August 8th 2010 Good Dick Is a Painful Experience

The great thing about bad movies is that the review pretty much writes itself. Based on a suggestion by Netflix, I watched Good Dick, an underwhelming film by writer-director Marianna Palka about a lonely young woman and the lovelorn video store clerk who slips into her life by sharing soft-core porn with her. It’s an interesting, possibly even romantic, idea, but Good Dick goes limp pretty quickly.

Good Dick DVD cover

Netflix is convinced I’m some sort of film hipster, going so far as to create a category for me called “Quirky Independent Suburban-Dysfunctional Movies”. The thing is, Netflix is usually right. In fact, its recommendation of Good Dick—a movie that Netflix predicted I’d like with the zeal of four stars—is but one major failure in a string of brilliant successes. It’s not Netflix’s fault, though: based on the cover art, it appears to be a witty, charming romantic comedy in the same vein as Juno. The person who said you can’t judge a book (or a DVD) by its cover must’ve foreseen Good Dick.

Good Dick is primarily shot in two locations: a video store, and the girl’s apartment. I’d like to think the director wanted a challenge like that of Twelve Angry Men, but she was probably just trying to economize on sets. She certainly didn’t splurge on casting, either: the entire cast consists of cheap plastic knockoffs of blockbuster movie stars. The female lead (also Marianna Palka) is a low-cost copy of Kristen Stewart, who’s already the Wal-Mart edition of a good actress. There’s also a photocopy of Seth Rogen (although the real Martin Starr appears in the film, in case that matters to you). If those star-studded templates were Legos, the cast of Good Dick would be Mega Bloks.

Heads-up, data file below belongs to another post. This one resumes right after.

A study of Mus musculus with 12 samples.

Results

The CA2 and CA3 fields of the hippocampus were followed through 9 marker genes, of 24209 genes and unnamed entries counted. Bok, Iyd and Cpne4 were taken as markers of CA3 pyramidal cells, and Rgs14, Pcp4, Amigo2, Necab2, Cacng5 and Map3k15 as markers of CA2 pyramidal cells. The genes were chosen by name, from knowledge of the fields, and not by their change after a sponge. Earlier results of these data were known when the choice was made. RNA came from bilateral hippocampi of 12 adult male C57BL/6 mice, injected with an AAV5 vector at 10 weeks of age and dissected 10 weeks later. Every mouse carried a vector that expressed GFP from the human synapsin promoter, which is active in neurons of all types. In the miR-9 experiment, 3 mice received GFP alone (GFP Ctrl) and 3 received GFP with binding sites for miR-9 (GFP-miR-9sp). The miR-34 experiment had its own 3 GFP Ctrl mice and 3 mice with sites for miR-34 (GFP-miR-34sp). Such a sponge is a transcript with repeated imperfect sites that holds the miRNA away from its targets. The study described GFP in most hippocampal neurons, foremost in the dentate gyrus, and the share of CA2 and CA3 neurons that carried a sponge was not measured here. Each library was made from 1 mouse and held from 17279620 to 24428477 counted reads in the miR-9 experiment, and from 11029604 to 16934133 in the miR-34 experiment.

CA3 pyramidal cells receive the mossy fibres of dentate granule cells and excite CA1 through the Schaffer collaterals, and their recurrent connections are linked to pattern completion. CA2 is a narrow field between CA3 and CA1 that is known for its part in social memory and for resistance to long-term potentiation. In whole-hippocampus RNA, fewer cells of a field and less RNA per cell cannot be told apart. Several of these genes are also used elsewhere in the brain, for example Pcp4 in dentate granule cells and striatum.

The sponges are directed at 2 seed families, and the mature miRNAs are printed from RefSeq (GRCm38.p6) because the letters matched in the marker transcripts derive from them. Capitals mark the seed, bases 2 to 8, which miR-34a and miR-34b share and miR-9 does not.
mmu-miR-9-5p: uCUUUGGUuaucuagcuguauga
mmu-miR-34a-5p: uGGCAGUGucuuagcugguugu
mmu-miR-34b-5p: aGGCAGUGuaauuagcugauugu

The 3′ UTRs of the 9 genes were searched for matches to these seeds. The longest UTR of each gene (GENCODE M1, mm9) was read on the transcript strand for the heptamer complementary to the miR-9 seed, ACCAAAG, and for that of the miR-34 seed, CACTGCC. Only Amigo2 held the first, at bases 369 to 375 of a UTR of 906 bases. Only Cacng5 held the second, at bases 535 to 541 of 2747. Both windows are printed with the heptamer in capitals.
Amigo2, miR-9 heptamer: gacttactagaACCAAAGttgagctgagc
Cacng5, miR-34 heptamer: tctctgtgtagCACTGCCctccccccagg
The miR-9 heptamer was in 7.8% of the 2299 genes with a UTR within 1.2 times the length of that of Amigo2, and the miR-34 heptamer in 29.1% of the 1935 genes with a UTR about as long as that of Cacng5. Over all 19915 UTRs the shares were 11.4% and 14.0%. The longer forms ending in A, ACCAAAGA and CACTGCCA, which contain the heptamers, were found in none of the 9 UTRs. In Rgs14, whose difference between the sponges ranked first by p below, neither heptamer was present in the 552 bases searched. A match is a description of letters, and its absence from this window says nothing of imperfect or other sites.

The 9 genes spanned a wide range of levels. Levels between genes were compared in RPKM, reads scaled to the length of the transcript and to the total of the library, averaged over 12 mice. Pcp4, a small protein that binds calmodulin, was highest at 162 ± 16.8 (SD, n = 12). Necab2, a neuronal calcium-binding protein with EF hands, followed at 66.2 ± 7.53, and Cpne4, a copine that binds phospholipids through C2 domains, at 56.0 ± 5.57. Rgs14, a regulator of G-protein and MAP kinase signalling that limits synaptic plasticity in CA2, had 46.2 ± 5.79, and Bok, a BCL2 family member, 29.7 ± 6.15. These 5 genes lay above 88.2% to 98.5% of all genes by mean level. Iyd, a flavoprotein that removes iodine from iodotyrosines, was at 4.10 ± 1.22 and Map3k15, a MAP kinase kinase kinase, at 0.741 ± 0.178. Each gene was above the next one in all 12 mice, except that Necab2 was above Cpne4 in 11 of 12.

So, the plot: A lonely girl (Marianna Palka) frequently rents soft-core porn from a local video store. Piqued by her taste in erotic film, the video store clerk (Jason Ritter) follows her home one night, stalking her until she lets him watch porn with her (as long as he doesn’t get an erection). Hilarity ensues—or so I’d hoped, but the only thing funny about Good Dick is that I sat through eighty-six minutes of it. The rest of the movie is mostly a sequence of scenes of the two of them watching awful porn and arguing about sex (which they’re not having). Occasionally these sequences are interrupted by the girl telling the clerk that she just got her period or she hasn’t masturbated in a few days. I’d give Palka a pass to write dialogue this weird if she were European, but Palka is Scottish, which makes her European only by technicality.

Good Dick is ostensibly about the nature of sex in relationships, but it does little more than scratch the surface of what is generally an interesting topic, and the characters approach this subject with all the complexity and nuance of middle school students.

All this would be acceptable if the film were witty, or at least quirky, but I’ve heard sharper dialogue in Will Ferrell movies. To wit, here’s the climax to a scene in which the main characters are debating the physical appearance of penises:

Man: I think my dick looks really nice.
Woman: That’s because you’re an idiot.

The whole movie feels like Palka’s fuck-you to all the guys who didn’t get her “dark” personality and couldn’t find her clitoris (yes, they talk about that in the film, too). And therein lies the problem with even critiquing this film: it’s awkwardly personal. It reminds me of workshopping short stories in my college creative writing courses. It flows like a love story written by a frustrated college sophomore who wanted an artistic way to explain why she hadn’t had sex in a long time, when the real reason was her shitty—pardon me, brooding—personality. Good Dick speaks from the heart, but it says something no one but the writer cares about.

Leveling that criticism should probably make me feel guilty, because in the film’s climax you find out that the main character was sexually abused by her father (I’m not spoiling the ending: the director wishes you didn’t find out until the end, but even the densest of viewers can deduce that in the first fifteen minutes). But I don’t feel guilty, because Palka depicts the abuse in such a ham-handed way that it’s clear her only experience comes from Lifetime movies and 20/20 specials.

In the end, there’s really nothing redeeming about this film. It’s not witty, it’s not charming, and despite the feverish discussions about sex and porn, you don’t get to see any boobs. It doesn’t even present a fresh take on the meaning of relationships. The only good thing about Good Dick was the constant reminder that there are people more awkward than me.